Chris Betts: Social Animal

Wed 5th – Sun 30th August 2015

reviews

Flo Layer

at 01:09 on 11th Aug 2015


The set was tied up by an overarching anecdote of Betts’ experience working as a bartender; delving into various thrills, sights and spills along the way. Among the best were his discussions and impressions of the humiliating and ridiculous habits of people trying to pull each other in bars. While, according to Betts, 98 percent of ‘I love yous’ are said in bars, his stories prove that humanity’s mating rituals are both downright absurd and absolutely hilarious.

However, his talk about the pros and cons of arguing verses fighting was a little drawn out, which left the first part of his set dragging at a slow tempo. Although the reimagined shift of hooliganism from the realms of sport to the arts and poetry was great; the idea of a Haiku beating in 5, 7, 5 is a classic example of Betts’ clever material.

Yet his use of collected toilet graffiti excerpts easily proved to be the some of his best lines. The presumably drunken, yet bizarrely brilliant revelation about milk will surely make a number of the audience members release a small chuckle when next in the chilled section of the supermarket.

There was a noticeable and perhaps surprising shift from the ridiculous to the sublime as Betts turned his attention to a far more sober consideration of gender roles and the proper use of the word ‘slut’. Still with the same deadpan focus and dry delivery, Betts re-examined our social stereotypes in an originally funny way.

This wasn’t a laugh-your-socks off stand-up show but one which made you re-evaluate the hilarity of life, with plenty of chuckling along the way.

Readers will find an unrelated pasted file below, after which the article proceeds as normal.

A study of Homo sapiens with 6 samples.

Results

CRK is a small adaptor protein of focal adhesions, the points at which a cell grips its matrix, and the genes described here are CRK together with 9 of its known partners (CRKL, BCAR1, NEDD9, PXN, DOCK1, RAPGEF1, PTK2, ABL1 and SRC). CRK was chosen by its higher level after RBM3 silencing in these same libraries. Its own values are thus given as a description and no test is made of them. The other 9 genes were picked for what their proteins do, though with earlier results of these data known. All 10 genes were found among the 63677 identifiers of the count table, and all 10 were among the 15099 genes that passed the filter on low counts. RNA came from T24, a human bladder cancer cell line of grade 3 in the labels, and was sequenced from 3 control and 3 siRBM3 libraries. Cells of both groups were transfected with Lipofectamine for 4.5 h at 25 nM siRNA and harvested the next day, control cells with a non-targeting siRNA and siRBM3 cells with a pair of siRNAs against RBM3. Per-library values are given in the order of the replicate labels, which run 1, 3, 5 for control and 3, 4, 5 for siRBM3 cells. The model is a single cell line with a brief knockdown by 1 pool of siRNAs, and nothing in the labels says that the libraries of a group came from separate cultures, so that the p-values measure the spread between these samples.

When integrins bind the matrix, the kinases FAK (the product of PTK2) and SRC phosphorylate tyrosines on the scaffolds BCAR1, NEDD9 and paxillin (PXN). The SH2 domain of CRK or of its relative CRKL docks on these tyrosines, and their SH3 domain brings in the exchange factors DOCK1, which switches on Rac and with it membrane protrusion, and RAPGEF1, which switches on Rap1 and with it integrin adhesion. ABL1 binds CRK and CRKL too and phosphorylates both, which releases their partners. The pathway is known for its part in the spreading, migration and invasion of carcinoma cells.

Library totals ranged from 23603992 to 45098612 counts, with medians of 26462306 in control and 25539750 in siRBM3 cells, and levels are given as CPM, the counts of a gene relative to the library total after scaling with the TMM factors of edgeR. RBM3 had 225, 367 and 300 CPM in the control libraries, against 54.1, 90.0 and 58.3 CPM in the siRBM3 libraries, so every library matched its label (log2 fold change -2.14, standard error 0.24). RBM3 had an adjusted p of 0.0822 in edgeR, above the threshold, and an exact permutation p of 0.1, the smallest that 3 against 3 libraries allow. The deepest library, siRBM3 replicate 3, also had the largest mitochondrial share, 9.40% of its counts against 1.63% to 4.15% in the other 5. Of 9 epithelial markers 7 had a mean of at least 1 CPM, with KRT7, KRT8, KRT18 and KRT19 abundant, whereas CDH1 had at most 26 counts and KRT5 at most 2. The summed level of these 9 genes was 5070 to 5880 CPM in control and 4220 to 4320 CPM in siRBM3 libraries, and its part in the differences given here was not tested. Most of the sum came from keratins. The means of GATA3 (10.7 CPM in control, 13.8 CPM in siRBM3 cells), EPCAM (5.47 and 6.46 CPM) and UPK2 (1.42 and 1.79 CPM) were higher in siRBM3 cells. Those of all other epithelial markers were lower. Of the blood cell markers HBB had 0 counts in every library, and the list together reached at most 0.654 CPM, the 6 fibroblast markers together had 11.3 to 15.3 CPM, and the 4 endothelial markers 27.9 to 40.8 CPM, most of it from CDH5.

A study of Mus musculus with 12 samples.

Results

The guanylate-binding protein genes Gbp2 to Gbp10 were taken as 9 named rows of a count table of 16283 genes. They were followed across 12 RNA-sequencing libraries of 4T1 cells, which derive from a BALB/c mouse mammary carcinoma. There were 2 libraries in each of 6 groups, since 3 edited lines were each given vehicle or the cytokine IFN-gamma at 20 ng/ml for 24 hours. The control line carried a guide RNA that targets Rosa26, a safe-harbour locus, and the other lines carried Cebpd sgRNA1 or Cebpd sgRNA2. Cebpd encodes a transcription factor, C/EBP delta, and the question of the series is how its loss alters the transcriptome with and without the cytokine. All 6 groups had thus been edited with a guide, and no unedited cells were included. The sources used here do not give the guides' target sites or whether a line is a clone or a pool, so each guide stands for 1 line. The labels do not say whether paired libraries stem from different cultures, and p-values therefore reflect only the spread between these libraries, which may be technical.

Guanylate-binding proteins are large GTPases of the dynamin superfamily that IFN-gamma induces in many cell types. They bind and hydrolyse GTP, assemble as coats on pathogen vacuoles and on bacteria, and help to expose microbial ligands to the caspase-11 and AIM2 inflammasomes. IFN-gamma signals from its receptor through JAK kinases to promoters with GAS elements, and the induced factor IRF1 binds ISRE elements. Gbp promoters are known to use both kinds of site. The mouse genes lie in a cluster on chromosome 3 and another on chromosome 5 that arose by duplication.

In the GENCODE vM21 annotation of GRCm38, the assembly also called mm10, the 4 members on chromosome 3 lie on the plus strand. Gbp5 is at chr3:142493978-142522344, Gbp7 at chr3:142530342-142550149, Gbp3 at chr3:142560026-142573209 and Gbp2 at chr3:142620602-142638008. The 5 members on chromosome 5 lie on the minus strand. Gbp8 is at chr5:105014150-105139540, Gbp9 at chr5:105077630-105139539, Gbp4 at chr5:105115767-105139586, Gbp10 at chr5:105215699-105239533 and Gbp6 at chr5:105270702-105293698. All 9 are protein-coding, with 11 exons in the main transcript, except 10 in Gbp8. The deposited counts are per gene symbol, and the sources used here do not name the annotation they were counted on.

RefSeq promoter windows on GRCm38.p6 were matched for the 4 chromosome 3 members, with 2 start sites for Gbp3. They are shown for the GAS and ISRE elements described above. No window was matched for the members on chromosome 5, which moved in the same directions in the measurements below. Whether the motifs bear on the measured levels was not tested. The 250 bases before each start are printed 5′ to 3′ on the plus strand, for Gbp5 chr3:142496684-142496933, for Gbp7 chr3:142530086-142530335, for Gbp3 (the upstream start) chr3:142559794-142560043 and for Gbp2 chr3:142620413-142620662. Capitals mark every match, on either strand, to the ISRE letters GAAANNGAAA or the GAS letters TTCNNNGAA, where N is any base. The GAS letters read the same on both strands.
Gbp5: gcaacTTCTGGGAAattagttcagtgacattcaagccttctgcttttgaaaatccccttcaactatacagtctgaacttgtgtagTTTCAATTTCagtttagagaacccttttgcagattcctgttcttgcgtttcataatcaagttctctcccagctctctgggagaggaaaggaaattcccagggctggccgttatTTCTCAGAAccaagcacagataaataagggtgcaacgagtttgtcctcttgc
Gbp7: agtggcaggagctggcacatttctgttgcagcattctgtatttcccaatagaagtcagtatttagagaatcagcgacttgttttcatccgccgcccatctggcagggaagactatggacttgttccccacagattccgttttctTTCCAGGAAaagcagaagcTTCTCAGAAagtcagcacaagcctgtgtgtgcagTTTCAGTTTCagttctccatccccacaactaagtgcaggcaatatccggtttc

at 09:24 on 11th Aug 2015


Betts starts strongly, revealing that “my American accent is from Canada” before moving on to some edgier jokes – much edgier jokes.

For the first half of the routine Betts consistently displays confidence in both tone and timing, a self-assurance which diminishes slightly during the latter part of the set. Nonetheless, the material itself is stellar throughout Social Animal, whether Betts deploys one-liners or longer, more observational narratives.

The stand-up dishes out social criticism from a bar stool, jibbing at the hypocrisy of straight men who moralise to promiscuous women. Admittedly, Betts often verges on didacticism when dissecting patriarchal cant – but it is a necessary message which he offers entertaining insights into, for the most part.

He may be a comedian with a social conscious, but Betts doesn’t let that stop him from pushing the boundaries. A joke that touches on 9/11 is the sort of the joke that one feels guilty for laughing so hard at (but not too guilty).

Betts is more than comfortable to delve into the bluer and dirtier stuff as well, complete with remarkably graphic hand gestures.

The comic’s skill is to weave these vulgarities in with more thoughtful reflections on sex and desire. After explaining to the audience about how orgasms, for him, are so much better and more meaningful when accompanied by love, he adds the footnote: “And I give orgasms 100% of the time because I’m a fucking craftsman”.

Betts’s routine mixes a bartender’s wisdom, a drinker’s aggression, and a recovering alcoholic’s self-effacement to make a thoroughly enjoyable comedic concoction. Nevertheless, this variety serves as a blessing and a curse for Social Animal as the material feels constantly fresh but occasionally confused and unsure of itself.